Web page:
Large enterprises are embracing big data management systems to better manage their growing stockpiles of information. But the deployment of cutting-edge technologies such as Apache Hadoop, MapReduce, NoSQL, and NewSQL is not without its problems.
A recent survey by database vendor RainStor of mid-senior level executives shows the majority of respondents understand the value of big data to their businesses. However, the speed of data creation and assorted types of information--what data management pros often refer to as "velocity and variety"--are ongoing challenges, as is the ability to efficiently analyze all of this data.
Additional concerns include the rising cost of infrastructure and data storage, and the shortage of skilled workers trained in big data technologies such as Hadoop.
RainStor conducted the survey from mid July to early August. The respondents were from a variety of large-scale industries, including banking, communications, financial services, and manufacturing.
Three-quarters of respondents said that better management of big data helps their organizations make smarter business decisions. And yet more than a third (37.5%) also said that analyzing big data is their biggest challenge.
"Mainstream companies like a bank or telco are very interested in Hadoop, because it's become cost-prohibitive to keep volumes of data in traditional databases and data warehouses," said Rainstor VP of marketing Deirdre Mahon in a phone interview with InformationWeek.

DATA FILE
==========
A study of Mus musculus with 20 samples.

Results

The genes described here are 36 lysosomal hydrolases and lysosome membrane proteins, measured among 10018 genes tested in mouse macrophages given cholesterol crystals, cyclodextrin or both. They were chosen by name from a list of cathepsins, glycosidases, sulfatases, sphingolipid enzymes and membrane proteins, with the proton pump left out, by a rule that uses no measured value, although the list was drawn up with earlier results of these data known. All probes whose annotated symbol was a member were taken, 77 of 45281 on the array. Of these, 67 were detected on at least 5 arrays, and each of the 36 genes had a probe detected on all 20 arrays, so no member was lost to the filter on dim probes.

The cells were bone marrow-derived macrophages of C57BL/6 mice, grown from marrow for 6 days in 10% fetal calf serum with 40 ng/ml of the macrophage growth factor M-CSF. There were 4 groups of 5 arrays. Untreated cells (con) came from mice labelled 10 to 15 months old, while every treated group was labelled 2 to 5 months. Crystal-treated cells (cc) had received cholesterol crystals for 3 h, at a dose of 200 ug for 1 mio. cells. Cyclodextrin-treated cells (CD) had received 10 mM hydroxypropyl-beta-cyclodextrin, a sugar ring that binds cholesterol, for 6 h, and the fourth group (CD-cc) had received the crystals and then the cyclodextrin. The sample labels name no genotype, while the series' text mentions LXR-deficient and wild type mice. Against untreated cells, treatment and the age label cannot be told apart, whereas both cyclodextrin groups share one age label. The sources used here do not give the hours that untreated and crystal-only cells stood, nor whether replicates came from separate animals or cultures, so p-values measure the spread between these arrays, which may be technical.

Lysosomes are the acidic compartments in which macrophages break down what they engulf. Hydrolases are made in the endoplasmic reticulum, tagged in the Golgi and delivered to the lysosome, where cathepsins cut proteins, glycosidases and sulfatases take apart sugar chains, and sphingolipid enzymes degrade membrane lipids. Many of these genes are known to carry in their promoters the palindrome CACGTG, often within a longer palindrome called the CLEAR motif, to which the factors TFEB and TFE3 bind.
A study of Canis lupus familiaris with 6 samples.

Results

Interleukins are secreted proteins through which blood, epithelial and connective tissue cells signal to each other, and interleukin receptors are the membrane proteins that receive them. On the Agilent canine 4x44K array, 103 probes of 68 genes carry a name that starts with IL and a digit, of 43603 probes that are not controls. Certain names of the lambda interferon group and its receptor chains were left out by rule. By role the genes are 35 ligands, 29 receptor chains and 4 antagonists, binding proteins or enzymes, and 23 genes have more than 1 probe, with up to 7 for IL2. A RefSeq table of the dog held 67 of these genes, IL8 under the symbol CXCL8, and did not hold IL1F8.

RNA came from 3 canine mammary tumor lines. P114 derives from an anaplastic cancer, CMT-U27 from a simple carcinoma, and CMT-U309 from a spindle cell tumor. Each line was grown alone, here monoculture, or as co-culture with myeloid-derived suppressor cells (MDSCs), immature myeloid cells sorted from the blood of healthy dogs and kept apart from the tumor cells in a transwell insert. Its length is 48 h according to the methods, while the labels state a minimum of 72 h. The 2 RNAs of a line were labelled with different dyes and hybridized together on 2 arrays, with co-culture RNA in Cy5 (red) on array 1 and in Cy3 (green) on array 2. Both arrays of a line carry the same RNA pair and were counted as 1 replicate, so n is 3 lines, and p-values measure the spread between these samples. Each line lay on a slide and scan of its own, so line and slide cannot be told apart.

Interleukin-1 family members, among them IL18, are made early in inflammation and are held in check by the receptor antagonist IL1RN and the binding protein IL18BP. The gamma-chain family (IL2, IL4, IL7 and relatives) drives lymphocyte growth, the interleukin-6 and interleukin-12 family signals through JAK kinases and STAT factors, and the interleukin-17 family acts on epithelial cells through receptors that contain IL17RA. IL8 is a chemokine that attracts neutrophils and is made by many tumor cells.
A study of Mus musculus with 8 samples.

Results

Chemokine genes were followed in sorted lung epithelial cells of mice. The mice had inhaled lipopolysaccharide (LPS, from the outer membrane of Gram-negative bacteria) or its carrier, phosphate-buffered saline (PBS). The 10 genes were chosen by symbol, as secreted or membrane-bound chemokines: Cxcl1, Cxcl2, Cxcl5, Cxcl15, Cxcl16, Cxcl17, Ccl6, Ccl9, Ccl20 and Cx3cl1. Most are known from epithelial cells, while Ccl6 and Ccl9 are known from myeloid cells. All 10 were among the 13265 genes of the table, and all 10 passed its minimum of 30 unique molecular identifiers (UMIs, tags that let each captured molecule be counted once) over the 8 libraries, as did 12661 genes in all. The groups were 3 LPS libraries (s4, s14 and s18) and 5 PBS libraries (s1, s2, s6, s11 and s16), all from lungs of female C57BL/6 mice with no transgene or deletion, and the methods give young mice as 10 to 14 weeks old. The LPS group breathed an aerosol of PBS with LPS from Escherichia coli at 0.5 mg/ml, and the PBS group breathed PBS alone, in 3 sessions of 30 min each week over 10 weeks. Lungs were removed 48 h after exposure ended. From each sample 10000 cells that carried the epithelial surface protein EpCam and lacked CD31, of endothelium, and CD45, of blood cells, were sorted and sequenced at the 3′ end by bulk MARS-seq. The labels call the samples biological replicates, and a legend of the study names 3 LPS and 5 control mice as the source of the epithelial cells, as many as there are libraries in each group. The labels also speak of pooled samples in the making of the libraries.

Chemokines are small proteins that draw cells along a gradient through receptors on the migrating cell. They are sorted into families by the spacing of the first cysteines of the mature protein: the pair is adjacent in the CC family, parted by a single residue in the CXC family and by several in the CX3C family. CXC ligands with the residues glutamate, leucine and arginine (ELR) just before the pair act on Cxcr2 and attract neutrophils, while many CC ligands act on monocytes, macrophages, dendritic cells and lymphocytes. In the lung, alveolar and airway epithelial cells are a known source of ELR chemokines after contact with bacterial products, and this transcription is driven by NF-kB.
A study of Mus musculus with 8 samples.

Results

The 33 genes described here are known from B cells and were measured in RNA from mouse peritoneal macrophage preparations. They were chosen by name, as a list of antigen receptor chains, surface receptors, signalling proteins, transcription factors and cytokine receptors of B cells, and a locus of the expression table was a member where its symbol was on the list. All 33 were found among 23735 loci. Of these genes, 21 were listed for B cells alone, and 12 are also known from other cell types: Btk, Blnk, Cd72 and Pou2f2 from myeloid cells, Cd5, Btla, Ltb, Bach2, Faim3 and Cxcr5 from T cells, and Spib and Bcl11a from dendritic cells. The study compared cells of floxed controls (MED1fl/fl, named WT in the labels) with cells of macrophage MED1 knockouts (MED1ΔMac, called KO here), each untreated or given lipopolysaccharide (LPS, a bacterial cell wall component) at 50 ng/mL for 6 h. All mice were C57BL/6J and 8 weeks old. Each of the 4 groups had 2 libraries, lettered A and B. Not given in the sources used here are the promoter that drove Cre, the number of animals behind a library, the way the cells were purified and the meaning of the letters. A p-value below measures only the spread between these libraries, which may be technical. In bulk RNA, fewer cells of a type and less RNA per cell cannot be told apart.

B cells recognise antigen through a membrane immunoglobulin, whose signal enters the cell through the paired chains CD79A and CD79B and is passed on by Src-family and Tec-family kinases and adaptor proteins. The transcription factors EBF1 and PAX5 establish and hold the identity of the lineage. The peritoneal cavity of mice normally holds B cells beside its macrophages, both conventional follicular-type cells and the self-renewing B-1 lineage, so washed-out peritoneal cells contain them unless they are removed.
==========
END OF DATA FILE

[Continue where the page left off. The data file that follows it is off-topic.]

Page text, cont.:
But while Hadoop offers cost savings and is rapidly gaining adherents, it has serious shortcomings as well.
"We think Hadoop has great promise," Mahon said. "It's probably not robust or sophisticated enough to run mission-critical environments, but it's moving at a much more rapid pace than we would have predicted a year ago."
When it comes to using Hadoop to replace or augment an enterprise's current data warehouse, the consensus is split pretty much down the middle. Just over half (51%) of respondents want to use a Hadoop-based environment to augment their data warehouse, while 46% want Hadoop to replace their existing infrastructure.
And when enterprises that manage their big data analytics run out of storage space, where do they turn? Nearly 30% of respondents said they opt for less expensive data warehouses. Surprisingly, more than a quarter of those surveyed said they archive data to offline tape, an inexpensive but inefficient solution in a business world that increasingly values fast analysis of information. In fact, more than 12% of respondents said it can take one to two weeks (or longer) to reinstate data saved on tape for online query.
Another challenge is getting tape-archived data back to a form that users can read and query. At a recent Teradata conference, Mahon recalls meeting people whose job it was to pull older data off tape, which was often sitting in a warehouse, gathering cobwebs.
While managing and analyzing big data is a top priority at large enterprises, accomplishing this task isn't easy. The survey provides one very good reason why: Existing IT staffers are typically experienced users of relational and columnar-type databases, but they're "not seasoned java programmers or engineers that can easily deploy and support open source Hadoop, and then provide the analytics that the business demands."
It's readily apparent, however, that enterprises are taking big data analytics seriously.
"Big data is a fact of life, and organizations have to keep data for many more years," Mahon said. "So we're excited by the notion that enterprises are taking a more serious look at reducing their costs, because they have to keep all of this data online and queryable."
New innovative products may be a better fit for today's enterprise storage than monolithic systems. Also in the new, all-digital Storage Innovation issue of InformationWeek: Compliance in the cloud era. (Free with registration.)